Diorama puts viewer into 1863 Gettysburg

Posted Feb. 19, 2010, at 5:40 p.m.

I kept checking my L.L. Bean polo shirt for bloodstains.

Gettysburg was blanketed with several feet of snow this week, discouraging the usual parade of Civil War aficionados. But the fancy new visitors center was open, even if most of the surrounding roads to the battlefield were closed.

That hardly dimmed the impact of the diorama which re-creates the violent battle on July 3, 1863. The fact that only a handful of visitors were here only served to heighten its impact. Even in an age of spectacular graphics and movie special effects, the diorama’s effect is undiminished.

The diorama is a skillful painting of the battle which surrounds the room, reaching a height of 50 feet. Thanks to a modern sound and light system, the battle is carefully re-created. It is so realistic you just wait for the bullets. The visitor is placed above Cemetery Ridge, just behind the Union lines on the moment when the Confederate forces almost break through to victory in the battle and possibly in the entire bloody war.

It was astounding in retrospect to realize that the gigantic painting had been produced by Frenchman Paul Philippoteaux in 1883. He had been commissioned by businessman Charles Willoughby of Hookset, N.H., for $50,000, a fortune in the day.

Soon after the battle, Philippoteaux came to Gettysburg to complete a variety of drawings and paintings, even commissioning some new-fangled photographs taken from a height of 30 feet, then interviewed the Gettysburg veterans to make the work as accurate as possible.

The final work was 50 feet high and a 400-foot-long circle with more than 20,000 square feet of canvas, weighing more than four tons.

Naturally, no man could produce such a work alone. It is reported that Philippoteaux repaired to Brussels, where he hired a studio and a team made up of somewhere between five and 20 artists. Each artist would specialize in his or her work, with one doing the horses, another doing uniforms, another doing trees and the sky.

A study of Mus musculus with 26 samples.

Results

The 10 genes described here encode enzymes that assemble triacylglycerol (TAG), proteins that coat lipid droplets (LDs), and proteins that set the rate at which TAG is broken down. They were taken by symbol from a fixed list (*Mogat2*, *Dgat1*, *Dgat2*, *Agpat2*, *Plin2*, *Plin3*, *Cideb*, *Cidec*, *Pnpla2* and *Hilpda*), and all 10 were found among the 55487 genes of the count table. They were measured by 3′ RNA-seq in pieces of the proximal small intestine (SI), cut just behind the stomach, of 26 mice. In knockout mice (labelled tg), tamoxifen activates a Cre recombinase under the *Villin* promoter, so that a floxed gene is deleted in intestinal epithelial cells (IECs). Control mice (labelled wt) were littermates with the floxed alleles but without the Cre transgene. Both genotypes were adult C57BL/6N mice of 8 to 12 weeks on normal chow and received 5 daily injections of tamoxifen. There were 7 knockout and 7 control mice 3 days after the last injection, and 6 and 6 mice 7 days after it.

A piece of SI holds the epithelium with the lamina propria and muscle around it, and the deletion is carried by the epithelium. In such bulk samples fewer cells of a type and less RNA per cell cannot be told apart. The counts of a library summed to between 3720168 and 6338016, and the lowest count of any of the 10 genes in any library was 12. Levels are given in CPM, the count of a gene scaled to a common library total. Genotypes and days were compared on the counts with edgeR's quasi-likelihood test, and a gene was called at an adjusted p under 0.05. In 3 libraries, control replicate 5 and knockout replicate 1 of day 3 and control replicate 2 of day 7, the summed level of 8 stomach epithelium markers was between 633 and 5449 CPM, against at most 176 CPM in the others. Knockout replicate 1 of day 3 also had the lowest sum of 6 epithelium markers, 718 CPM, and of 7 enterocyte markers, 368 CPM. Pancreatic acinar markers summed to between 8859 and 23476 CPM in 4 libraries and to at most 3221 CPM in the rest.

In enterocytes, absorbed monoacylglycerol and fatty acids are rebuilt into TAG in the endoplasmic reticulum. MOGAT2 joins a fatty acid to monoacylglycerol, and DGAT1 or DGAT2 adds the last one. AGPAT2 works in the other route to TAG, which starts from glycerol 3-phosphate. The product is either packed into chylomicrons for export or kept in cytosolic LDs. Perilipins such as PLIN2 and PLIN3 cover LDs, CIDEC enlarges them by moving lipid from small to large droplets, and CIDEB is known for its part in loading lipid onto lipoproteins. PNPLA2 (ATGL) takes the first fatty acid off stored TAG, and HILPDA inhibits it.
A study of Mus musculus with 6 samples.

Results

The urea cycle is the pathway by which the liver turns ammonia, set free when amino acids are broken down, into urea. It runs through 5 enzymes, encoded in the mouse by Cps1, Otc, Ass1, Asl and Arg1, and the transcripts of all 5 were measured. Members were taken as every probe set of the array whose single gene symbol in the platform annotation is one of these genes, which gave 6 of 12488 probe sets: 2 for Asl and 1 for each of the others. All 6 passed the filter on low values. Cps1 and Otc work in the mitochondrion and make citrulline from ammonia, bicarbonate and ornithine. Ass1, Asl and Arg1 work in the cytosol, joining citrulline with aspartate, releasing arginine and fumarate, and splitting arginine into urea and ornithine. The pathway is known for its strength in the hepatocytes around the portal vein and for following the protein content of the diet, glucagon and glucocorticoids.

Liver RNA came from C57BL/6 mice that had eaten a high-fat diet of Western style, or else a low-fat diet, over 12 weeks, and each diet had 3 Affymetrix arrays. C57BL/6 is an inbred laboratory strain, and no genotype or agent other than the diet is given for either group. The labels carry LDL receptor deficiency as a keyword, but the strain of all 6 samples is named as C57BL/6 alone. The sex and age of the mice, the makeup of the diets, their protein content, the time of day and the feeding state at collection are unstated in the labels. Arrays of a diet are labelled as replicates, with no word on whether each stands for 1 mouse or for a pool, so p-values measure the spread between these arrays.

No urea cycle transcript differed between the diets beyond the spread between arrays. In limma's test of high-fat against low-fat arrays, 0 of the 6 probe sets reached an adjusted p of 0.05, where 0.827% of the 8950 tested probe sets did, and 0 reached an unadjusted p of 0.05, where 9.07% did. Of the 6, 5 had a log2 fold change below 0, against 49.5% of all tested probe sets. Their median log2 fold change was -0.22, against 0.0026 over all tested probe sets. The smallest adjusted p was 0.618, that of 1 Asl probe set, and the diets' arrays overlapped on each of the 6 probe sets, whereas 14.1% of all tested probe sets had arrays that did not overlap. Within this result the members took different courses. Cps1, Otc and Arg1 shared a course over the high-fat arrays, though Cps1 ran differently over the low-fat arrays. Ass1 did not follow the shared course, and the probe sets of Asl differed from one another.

The dioramas of the day created a sensation not unlike the release of the latest Hollywood blockbuster today. Before the work even crossed the ocean, L’Art Moderne Magazine said “what really constitutes the highest beauty and is superior to anything seen up to this time is the landscape. The sky is a prodigious clearness and truth. When one raises the eye, the illusion is marvelous.”

Not bad for a first review.

To present the giant cyclorama, a special building was constructed in Chicago. The work would become the walls of the building and the spectator would view the work from inside the painting, on a 30-foot platform.

On Dec. 22, (my birthday) 1883, when the work was finally unveiled to Americans, the Chicago Times exclaimed, “the panorama … is universally conceded by all who have seen it, to be the most extraordinary work of art ever seen in this city. To describe it in words is impossible. It must be seen, in order to have any idea of its striking realistic effect.”

Usually, the cyclorama was presented with the testimony from a Gettysburg veteran. The reaction by the Civil War veterans was shocking, witnesses reported.

It has been reported that more than 2 million people saw the work within the first 10 years, including visitors to the 1893 Chicago World’s Fair.

The Gettysburg cyclorama was so popular that Philippoteaux produced two more, which toured the country.

Like many fads, the popularity of the new cycloramas exploded, then died. It is nothing short of a miracle that the work survives until today.

By 1901, the painting had been forgotten, packed into boxes and left in crates outdoors in a vacant lot on Clarendon Street in Boston. The Boston Globe reported that the boxes had caught fire several times, with fireman spraying the precious boxes with water.

One of the three Philippoteaux versions was cut into pieces and distributed to veteran’s organizations. According to the Gettysburg Star and Sentinel, the third version was cut into pieces to make tents for a new Shoshone reservation.

The rescue of the historic work fell to Newark, N.J., department store owner Albert Hahne, who found the painting in Boston in 1910. After further exhibitions in New York City, the work was sent where it belonged, in Gettysburg. Hahne chipped in $7,000 to assist the purchase by the Gettysburg Battle Picture Association in June 1912. Once again a special building was constructed to exhibit the round artwork. By 1913, the work was once again on display to customers, who paid 25 cents for the honor.

After several careful restorations, the Philippoteaux work sits in a gleaming new visitors center at Gettysburg, re-creating the horror of that magnificent battle 127 years ago.

It was worth the snowy drive, even if I kept checking myself for miniball wounds.

Send complaints and compliments to Emmet Meara at emmetmeara@msn.com.